Presented by Professor Renée Jeffery (Griffith University). 

At the end of the Khmer Rouge period, less than ten percent of Cambodia’s artists, dancers, musicians and film makers remained in Cambodia. Forty years on, however, the arts are experiencing an ongoing revival and have assumed a central role in the country’s attempt to come to grips with its violent past. This paper examines roles played by the arts in Cambodia’s transitional justice process, from early grassroots arts/human rights activism to more reparations orders. Renée Jeffery is a Professor of International Relations at Griffith University. Her most recent publications include Amnesties, Accountability and Human Rights (U of Penn 2014), Reason and Emotion in International Ethics (Cambridge 2014) and Transitional Justice in Practice (Springer 2017).

About School Research Seminar Series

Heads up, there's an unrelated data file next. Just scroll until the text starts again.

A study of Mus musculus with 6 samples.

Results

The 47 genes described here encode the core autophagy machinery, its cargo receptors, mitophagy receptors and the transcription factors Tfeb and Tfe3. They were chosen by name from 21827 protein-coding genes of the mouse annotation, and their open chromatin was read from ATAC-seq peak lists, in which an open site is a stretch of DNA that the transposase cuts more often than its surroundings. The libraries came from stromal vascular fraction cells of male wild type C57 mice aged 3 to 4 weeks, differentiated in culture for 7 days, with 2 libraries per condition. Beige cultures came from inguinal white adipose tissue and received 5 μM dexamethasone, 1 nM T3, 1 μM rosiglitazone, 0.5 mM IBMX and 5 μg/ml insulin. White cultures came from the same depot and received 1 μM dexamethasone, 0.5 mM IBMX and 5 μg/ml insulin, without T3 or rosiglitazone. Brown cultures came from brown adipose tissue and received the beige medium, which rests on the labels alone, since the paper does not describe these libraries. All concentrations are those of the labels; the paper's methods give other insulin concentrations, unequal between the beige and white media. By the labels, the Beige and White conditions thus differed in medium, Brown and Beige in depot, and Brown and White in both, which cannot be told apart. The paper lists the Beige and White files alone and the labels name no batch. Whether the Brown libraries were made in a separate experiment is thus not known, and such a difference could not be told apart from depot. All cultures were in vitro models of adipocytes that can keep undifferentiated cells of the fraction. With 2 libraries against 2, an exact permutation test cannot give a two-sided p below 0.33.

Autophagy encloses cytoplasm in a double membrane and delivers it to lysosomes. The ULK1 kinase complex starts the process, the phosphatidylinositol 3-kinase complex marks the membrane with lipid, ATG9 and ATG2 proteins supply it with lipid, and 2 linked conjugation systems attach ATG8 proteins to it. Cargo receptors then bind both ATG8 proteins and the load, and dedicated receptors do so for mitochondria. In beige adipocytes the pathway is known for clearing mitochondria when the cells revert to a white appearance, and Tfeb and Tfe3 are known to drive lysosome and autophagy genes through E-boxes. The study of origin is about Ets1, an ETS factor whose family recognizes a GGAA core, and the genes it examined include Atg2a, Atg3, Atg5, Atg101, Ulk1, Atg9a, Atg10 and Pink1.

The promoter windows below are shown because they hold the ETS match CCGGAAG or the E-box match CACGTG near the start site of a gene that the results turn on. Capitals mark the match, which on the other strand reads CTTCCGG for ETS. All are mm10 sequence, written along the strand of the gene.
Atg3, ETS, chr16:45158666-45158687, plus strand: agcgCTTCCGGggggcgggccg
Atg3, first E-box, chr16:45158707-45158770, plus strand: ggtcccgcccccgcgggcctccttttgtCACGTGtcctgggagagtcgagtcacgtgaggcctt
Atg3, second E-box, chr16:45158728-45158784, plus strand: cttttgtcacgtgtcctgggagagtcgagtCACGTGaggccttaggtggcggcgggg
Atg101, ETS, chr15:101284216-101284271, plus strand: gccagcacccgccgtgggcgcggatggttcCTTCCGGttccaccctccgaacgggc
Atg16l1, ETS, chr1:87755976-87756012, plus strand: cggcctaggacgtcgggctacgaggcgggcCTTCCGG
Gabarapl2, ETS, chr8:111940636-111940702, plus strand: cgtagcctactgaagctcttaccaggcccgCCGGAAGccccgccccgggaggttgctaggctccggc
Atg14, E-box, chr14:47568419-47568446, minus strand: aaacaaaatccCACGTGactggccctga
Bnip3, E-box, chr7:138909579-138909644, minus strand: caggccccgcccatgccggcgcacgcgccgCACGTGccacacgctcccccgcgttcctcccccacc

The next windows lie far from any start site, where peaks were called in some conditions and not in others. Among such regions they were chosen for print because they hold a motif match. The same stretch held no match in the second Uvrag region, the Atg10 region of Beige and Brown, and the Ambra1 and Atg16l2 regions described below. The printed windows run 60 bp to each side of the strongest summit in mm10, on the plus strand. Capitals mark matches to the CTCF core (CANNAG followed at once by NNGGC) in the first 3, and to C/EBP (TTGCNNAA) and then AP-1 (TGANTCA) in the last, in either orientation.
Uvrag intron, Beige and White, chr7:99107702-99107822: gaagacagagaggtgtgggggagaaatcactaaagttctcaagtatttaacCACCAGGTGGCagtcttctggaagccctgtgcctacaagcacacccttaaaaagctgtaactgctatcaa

This series brings together the School’s research community and domestic as well as international leaders in the field of politics and international affairs. Across each semester, the series showcases a diverse and exciting range of topics. We welcome anyone who might be interested in attending.

All events held from 1-2.30pm in GPNorth (39a), room 537, except on 10 September, when it is 6-8pm at the Australian Institute of International Affairs, 300 Queen Street, Brisbane. First two seminars co-hosted by the Visual Politics Research Program. Fourth seminar co-hosted by the Australian Institute of International Affairs and the Australian Political Science Association.

For further inquiries contact Prof Roland Bleiker ( Photo credit: Peter Walters.

Please note that most of past research seminars are recorded and are available online.